In theory, the No Child Left Behind Act--a federal set of academic standards that public schools are measured on--is well intentioned. Unfortunately, those good intentions pave a road to educational hell for many school officials and educators.
The standardized testing at the heart of the federal No Child Left Behind law has served as a virtual report card on local schools, and if Illinois schools were assigned a letter grade on those tests, most would be getting Fs. About 80 percent of Illinois schools fail to meet standards under NCLB.
Then there are the cases of and . Both districts did not meet their overall Adequate Yearly Progress goals as outlined by NCLB because of a deficiency in one area: the reading achievement of students with disabilities. The schools in both districts met their AYP requirements in all other areas.
In February, the Illinois State Board of Education plans to seek a waiver from some of the law’s provisions now that the president has authorized states to seek exemptions if they commit to reform efforts.
Specifically, the state wants an exemption from the requirement that all students must pass standardized reading and math tests by 2014.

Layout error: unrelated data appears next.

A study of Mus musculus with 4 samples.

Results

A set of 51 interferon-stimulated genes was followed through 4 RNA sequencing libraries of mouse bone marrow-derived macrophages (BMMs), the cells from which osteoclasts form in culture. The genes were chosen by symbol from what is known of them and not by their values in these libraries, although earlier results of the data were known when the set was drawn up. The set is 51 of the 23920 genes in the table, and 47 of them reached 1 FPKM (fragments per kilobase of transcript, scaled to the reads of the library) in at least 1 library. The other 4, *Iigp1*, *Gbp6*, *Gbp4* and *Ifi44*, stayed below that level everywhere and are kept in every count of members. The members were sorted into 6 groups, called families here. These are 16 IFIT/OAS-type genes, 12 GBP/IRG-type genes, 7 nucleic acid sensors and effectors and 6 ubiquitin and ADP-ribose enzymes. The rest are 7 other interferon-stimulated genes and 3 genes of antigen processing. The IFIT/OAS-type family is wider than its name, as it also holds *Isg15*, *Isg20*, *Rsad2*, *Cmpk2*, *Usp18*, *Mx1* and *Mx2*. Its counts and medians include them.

In October, the state released standardized test data. Illinois Statehouse News reported on the results:
This past year, students in third through eighth grades, overall, scored below the 85 percent benchmark, except for the following student groups who scored at or above the mark:
- 85 percent of eighth-graders in reading;
- 86 percent of eighth-graders in math;
- 87 percent of fourth-graders in math.
Compare that with 92.1 percent of D161 students and 92.4 percent of D157-C students scoring, overall, at the acceptable levels. In fact, 100 percent of 's third- and fourth-graders in D161 scored at the meets and exceeds levels on the Illinois Standards Achievement Test. Yet the bottom line for both districts is that they did not meet the federal standards.
This begs the question: Is that fair? Yes, standards and guidelines need to be followed, but in cases like this, the spirit of the law needs to trump the letter of the law. These districts are doing exactly what NCLB intended: producing academically successful students. They need to be praised, not punished.
Does No Child Left Behind need to be re-evaluated? Are there better ways to evaluate students and still hold them to high academic standards? Tell us what you think in the comments section.
Editor's note: Regional editor Dennis Robaugh contributed to this report.